Pet owners know that their own dental hygiene is important, but not everyone knows that their pets need special oral care as well.

Unchecked dental disease in cats can cause heart, lung and even kidney disease. However, if you take time to care about your cat’s dental health you can prevent diseases and the accompanying dangers.


This infection, which takes hold in progressive stages, affects the tissue surrounding the teeth.

It all starts with plaque, which is a bacterial film that attaches to the teeth. The bacteria then dies, hardens from calcium in the saliva and forms a hard, rough substance (tartar) on top of which more plaque accumulates!

So, while plaque is still soft, it can be removed by brushing and chewing the right hard foods and safe toys. If the plaque remains and spreads it can lead to gingivitis, a state where the gums are inflamed. The gums become red, swollen and usually bleed easily. Once the plaque gets below the gumline, you’ll need to consult a professional to manage and solve the problem. If you don’t do anything about the build-up, the part around the root of the tooth can become infected. Eventually, the surrounding tooth tissue is destroyed and the socket that holds the tooth erodes. This will cause the tooth to become loose.

All of this is painful for your cat. Your responsibility is to make sure this process doesn’t even start.


During veterinary visits, ask for oral checkups to look for issues with baby teeth, missing/extra teeth, swelling or any other unusual developments, especially for older cats.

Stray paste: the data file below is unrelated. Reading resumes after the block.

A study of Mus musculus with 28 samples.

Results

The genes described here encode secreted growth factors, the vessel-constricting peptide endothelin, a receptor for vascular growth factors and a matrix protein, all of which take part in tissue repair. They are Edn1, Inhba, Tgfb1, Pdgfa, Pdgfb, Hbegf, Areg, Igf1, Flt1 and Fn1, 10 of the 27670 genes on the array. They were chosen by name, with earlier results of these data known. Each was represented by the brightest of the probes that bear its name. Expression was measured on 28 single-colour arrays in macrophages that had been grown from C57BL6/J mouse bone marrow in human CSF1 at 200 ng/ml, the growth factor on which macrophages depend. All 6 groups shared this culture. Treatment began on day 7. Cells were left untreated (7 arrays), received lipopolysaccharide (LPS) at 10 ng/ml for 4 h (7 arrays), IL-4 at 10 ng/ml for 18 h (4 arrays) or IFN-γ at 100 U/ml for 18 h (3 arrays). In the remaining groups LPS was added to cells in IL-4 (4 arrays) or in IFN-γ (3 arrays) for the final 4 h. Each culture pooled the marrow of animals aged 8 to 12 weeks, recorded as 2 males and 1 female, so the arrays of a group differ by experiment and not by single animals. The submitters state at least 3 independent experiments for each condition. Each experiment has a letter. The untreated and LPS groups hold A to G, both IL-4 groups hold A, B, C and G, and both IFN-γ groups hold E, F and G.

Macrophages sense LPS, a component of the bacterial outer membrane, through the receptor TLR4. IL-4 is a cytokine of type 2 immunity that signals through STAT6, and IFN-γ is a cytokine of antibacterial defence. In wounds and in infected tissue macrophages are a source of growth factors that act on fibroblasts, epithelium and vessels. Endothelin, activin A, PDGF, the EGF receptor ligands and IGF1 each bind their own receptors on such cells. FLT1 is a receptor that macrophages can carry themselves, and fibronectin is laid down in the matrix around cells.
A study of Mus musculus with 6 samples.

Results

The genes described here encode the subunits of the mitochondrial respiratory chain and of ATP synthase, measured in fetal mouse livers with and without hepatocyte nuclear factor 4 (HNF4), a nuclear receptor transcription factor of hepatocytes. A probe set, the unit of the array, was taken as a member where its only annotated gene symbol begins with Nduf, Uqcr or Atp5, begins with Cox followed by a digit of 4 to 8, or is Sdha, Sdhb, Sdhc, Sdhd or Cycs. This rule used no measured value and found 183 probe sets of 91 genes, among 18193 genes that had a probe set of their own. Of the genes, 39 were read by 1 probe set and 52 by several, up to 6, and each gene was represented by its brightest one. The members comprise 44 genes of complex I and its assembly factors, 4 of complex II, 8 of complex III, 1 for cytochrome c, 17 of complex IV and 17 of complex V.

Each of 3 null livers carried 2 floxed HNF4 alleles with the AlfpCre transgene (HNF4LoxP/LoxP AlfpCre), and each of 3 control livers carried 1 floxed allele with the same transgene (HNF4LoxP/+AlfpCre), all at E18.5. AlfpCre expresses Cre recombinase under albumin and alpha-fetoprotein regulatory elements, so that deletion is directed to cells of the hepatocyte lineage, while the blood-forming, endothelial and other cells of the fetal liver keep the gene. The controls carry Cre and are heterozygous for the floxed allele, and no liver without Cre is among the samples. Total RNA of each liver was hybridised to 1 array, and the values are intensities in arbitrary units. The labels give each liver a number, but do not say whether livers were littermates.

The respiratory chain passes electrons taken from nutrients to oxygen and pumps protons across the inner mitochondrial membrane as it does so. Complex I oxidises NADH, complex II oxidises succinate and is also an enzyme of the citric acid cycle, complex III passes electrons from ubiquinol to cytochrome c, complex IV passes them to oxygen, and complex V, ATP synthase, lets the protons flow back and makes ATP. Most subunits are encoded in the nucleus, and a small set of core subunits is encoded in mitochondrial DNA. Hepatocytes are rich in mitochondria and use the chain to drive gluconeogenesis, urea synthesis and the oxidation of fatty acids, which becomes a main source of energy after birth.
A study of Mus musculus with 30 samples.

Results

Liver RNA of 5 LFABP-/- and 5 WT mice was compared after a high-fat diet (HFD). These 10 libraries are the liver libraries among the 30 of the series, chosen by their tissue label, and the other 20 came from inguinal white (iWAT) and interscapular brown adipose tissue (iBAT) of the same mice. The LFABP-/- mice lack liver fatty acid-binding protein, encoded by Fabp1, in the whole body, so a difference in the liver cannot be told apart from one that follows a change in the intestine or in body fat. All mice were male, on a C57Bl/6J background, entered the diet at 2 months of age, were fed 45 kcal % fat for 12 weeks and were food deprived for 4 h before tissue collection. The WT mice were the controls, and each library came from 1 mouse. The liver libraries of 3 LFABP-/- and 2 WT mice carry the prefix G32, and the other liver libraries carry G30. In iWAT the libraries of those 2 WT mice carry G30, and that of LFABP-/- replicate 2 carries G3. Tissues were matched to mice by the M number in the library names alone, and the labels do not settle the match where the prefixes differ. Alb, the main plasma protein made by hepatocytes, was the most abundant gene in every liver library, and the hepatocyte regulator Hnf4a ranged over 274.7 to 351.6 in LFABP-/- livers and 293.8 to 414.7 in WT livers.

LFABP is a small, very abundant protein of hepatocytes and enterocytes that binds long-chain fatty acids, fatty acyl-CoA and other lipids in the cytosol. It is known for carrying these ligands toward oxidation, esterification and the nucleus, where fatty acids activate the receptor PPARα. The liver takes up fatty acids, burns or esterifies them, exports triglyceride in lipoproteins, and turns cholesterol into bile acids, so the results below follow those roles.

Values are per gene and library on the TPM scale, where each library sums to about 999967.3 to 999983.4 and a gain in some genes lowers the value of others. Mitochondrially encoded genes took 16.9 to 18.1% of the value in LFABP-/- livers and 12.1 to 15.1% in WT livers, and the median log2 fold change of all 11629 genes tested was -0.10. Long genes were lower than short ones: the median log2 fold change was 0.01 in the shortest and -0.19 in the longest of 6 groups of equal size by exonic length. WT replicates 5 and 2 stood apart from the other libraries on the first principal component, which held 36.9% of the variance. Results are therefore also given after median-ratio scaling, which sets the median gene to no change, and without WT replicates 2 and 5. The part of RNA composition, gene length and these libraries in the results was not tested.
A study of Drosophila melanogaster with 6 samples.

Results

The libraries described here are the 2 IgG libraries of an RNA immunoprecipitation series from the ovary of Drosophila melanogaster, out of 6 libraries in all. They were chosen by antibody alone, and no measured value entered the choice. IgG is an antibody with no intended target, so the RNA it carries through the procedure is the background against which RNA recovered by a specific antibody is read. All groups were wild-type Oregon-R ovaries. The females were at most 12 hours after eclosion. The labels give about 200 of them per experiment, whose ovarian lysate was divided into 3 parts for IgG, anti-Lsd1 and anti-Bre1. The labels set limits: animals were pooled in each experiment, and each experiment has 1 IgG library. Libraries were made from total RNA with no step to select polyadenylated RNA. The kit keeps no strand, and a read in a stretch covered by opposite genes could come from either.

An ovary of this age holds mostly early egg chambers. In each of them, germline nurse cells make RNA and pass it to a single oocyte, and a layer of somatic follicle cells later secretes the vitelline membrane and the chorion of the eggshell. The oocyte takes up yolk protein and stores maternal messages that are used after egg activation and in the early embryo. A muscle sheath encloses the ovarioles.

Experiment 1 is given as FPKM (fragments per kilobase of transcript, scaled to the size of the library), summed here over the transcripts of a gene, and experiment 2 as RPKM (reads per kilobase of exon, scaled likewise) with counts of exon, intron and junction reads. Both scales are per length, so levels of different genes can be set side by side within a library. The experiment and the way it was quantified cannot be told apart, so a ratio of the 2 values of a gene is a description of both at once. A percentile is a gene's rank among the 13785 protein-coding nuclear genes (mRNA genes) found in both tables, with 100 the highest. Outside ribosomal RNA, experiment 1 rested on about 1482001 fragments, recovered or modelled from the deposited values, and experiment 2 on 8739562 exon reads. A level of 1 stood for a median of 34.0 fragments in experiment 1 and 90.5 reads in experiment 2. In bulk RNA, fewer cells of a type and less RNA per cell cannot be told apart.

Your veterinarian will also be able to tell you more about plaque and tartar build-up, diseases to be aware of and oral tumors. A basic check can be done while your cat is awake while more comprehensive examinations may need anaesthetic.

Pet teeth X-rays (dental radiographs) are used for evaluation and detecting abnormalities not otherwise visible.


Some veterinarians recommend frequent examinations to determine if yearly dental cleanings are needed for adult cats which usually happen under general anaesthesia (with intubation).

Before Your Cat Goes for a Cleaning Under General Anaesthesia 

Your veterinarian needs to make sure your cat is healthy enough to go under general anaesthesia. Tests can include blood tests, urine tests, X-rays and electrocardiography (ECG).

What Happens During the Procedure?

  • Your cat’s vital signs need to be monitored.
  • Veterinarians remove plaque and tartar from your cat’s teeth and use a special paste for polishing.
  • Fluoride/sealants are applied to help prevent (or at least delay) future build-up and to strengthen as well as desensitise teeth.


Brush your cat’s teeth and take him or her for dental check-ups for a longer, happier, healthier life.